AVEC power plant in Bethel, Alaska.
Lenny Welch

Alaska lawmakers will meet in a special session, which is now planned for Aug. 2. In that session they will be developing a budget with pots of state money that include a $1 billion endowment fund built up over many years for the Power Cost Equalization program, which subsidizes the cost of rural electricity.

Gov. Dunleavy is the first governor to allow that endowment to be “swept” into the funds available for spending by the legislature. 

Alaska Village Electric Cooperative President and CEO Bill Stamm said that without the endowment, the cost of electric power for consumers in much of rural Alaska, including the Yukon-Kuskokwim Delta, will increase by around 100% or more.

“It’ll be a little bit different for each community and each user. AVEC serves, I think, 23 communities in the Y-K Delta, and the average cost for electricity for residential service with PCE is about half of what it would be without it. There are parts of the state where fuel costs are higher, and the loss of PCE would have an even more dramatic effect,” said Stamm.

Reversing the sweep allowed by the governor would take a three-quarters vote of both houses of the Legislature unless the courts rule in favor of the Alaska Federation of Natives, AVEC, and 16 other organizations who have filed a suit challenging the governor’s action.  They claim that Dunleavy overstepped his authority when he allowed the endowment fund to be swept into the pot of money available to use for general state spending.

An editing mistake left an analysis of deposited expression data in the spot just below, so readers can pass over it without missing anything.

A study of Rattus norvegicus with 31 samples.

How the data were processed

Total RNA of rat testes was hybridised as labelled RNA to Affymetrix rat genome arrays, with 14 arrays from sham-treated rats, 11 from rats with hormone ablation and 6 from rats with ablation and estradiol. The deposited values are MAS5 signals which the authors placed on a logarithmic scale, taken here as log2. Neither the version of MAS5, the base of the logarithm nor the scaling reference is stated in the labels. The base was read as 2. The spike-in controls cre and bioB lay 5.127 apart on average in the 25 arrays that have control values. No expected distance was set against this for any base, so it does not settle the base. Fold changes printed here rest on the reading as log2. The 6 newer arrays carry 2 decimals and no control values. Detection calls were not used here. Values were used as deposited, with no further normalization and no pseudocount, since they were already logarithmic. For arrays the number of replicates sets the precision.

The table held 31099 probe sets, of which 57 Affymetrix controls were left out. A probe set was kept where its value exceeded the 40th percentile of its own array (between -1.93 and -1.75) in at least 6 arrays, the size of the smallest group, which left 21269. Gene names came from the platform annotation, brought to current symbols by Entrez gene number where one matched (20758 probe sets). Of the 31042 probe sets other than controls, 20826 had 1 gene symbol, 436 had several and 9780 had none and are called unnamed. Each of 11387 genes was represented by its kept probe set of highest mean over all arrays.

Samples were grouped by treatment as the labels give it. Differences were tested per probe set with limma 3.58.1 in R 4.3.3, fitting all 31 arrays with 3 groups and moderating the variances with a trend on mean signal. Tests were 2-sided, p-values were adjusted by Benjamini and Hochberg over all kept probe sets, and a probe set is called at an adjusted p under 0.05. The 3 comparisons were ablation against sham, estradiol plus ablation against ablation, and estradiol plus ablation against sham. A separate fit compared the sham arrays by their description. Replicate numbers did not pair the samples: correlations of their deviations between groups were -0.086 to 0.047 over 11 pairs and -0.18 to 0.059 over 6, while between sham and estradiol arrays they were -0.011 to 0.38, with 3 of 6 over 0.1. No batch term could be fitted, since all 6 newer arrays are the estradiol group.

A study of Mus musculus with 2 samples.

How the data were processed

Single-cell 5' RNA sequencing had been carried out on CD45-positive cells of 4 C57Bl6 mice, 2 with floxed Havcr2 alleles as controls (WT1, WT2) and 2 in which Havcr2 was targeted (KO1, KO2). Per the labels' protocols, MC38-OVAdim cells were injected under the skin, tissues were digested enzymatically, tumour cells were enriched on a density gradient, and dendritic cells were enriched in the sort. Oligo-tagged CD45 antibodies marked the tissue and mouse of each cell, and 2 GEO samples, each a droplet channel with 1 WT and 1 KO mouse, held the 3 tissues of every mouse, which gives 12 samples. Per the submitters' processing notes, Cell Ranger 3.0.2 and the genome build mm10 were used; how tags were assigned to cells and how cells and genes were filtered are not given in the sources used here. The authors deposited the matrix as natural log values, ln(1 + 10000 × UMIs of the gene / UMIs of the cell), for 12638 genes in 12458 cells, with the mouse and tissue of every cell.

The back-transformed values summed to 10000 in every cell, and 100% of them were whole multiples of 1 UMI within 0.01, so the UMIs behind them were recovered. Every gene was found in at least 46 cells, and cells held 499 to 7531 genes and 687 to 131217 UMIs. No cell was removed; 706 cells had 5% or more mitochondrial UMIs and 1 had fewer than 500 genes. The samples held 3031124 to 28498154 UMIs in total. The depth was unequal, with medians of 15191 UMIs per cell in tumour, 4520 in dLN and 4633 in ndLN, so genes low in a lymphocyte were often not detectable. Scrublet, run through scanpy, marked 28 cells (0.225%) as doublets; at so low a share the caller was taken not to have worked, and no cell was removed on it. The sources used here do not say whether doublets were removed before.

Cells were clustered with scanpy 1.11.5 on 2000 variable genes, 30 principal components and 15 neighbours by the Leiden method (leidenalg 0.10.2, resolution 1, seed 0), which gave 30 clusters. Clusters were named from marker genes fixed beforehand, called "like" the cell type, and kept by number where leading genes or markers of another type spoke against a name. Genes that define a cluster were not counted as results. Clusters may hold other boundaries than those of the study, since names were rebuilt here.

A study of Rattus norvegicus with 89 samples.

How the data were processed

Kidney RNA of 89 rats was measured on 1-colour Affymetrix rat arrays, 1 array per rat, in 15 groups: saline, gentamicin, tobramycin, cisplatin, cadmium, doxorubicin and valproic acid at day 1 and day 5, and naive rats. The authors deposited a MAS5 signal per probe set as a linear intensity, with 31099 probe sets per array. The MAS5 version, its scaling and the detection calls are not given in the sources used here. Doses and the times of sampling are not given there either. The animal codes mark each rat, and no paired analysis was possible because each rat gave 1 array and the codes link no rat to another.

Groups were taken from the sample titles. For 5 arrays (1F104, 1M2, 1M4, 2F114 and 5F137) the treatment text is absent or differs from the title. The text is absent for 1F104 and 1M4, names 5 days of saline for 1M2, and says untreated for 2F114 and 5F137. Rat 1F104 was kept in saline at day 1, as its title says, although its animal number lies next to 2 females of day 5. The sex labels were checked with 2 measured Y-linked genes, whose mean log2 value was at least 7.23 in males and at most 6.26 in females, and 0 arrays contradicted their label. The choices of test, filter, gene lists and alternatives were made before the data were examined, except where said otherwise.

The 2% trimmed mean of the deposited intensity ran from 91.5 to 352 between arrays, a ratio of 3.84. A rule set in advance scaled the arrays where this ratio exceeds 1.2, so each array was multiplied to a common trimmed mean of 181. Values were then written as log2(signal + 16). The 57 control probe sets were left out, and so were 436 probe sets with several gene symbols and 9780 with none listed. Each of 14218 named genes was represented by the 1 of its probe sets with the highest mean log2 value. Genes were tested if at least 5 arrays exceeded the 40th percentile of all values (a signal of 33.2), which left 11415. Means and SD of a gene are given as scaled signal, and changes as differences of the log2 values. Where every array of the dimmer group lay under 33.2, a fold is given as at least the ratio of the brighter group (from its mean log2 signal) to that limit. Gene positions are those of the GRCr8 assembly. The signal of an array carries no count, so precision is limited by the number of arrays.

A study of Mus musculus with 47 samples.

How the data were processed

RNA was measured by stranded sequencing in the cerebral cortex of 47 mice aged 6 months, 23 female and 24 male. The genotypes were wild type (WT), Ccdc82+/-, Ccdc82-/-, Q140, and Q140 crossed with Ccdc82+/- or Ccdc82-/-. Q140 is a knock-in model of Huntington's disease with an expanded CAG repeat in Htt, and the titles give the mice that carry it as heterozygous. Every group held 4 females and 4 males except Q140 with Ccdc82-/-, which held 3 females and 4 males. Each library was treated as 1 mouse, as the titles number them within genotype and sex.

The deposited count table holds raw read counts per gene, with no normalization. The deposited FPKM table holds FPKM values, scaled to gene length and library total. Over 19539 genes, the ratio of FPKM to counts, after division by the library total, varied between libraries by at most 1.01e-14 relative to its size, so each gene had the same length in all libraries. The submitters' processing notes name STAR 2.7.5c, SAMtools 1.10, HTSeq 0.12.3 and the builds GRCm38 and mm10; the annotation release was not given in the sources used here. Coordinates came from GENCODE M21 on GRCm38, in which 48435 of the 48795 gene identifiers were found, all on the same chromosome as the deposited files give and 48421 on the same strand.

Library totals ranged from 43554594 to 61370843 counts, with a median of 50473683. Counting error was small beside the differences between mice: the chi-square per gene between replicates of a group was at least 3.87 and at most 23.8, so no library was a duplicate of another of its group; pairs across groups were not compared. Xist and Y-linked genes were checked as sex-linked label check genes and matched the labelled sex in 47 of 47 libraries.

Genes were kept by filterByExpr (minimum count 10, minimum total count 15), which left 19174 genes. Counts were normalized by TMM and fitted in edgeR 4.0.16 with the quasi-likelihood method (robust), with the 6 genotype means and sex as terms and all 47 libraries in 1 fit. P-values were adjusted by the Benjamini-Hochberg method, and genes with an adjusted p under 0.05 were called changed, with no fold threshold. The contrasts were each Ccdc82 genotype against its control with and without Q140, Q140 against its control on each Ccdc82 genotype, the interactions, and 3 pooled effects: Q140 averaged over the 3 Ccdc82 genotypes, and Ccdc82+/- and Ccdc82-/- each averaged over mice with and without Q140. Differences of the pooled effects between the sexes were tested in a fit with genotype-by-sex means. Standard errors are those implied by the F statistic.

“At the end of every fiscal year, basically appropriated funds that have not been spent get swept back into the constitutional budget reserve. But we feel that the PCE Endowment is a separate fund that has already been appropriated, and that its earnings is what can be considered for how they are spent,” said Stamm.

If the court rules in favor of the plaintiff, the endowment fund will stand. But lawmakers can still vote to eliminate the endowment or use the money it generates for other programs than power cost equalization. 

Johanna Eurich's vivid broadcast productions have been widely heard on National Public Radio since 1978. She spent her childhood speaking Thai, then learned English as a teenager and was educated at a dance academy, boarding schools and with leading intellectuals at her grandparents' dinner table in Philadelphia.
Greg Kim was a news reporter for KYUK from 2019-2022.